Manchester City led Fulham by two goals after the first half at Craven Cottage. In fairness to Fulham, that score flattered City quite a bit. Fulham had a few great chances in the first half, and the first City goal was a Yaya Toure free kick following a ticky-tack foul outside the Fulham box.
City's halftime advantage was built against the run of play. As recently as last season, that would have led to a decided change in City's tactics.
When Roberto Mancini managed City, a 2-0 lead on the road—particularly in a match where the Citizens were not playing well—meant closing up shop and trying to bleed out the last 45 minutes. That led to many a nervy second half for City fans as the Sky Blues put nine men behind the ball and held on.
The good news for City fans is that City does not play like that any more. Manager Manuel Pellegrini is committed to always going forward and trying aggressively to outscore the opposition.
The bad news is that even a two-goal lead, especially on the road, never feels safe.
Fulham's first goal, which converted the contest from a foregone conclusion to an "uh-oh," happened mainly because City had most of their XI pushing ahead. When David Silva needlessly lost the ball to Steve Sidwell, Fulham was off and City could do little to thwart the one-two from Adel Taarabt and Kieran Richardson.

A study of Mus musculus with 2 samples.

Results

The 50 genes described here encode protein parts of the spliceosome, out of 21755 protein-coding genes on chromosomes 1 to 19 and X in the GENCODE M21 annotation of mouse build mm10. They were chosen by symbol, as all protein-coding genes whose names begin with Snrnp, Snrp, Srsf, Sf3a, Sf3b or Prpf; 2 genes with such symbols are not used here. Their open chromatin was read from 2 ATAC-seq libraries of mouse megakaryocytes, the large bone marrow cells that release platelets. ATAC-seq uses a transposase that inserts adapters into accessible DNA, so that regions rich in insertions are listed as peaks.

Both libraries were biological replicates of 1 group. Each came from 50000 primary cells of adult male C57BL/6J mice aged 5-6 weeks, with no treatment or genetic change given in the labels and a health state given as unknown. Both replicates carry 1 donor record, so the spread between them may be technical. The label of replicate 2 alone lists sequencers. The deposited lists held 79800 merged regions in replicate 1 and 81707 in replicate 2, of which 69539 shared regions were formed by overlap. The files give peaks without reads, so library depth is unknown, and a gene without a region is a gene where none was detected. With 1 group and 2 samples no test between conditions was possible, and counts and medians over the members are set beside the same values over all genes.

Stuff like that does not matter too much, but it does render a side vulnerable to a fluke setback like Vincent Kompany's own goal leveling the score instead of being easily laughed away.
City scored the last two goals of the match because Pellegrini permitted attacking threats like Jesus Navas, Silva and Alvaro Negredo to keep pouring forward. Against Fulham, at least, it worked.
It would be nice, though, if City had the ability to take the air out of the ball with a two-goal lead now and again. This is no way to play against stronger sides like Liverpool, Chelsea or Barcelona.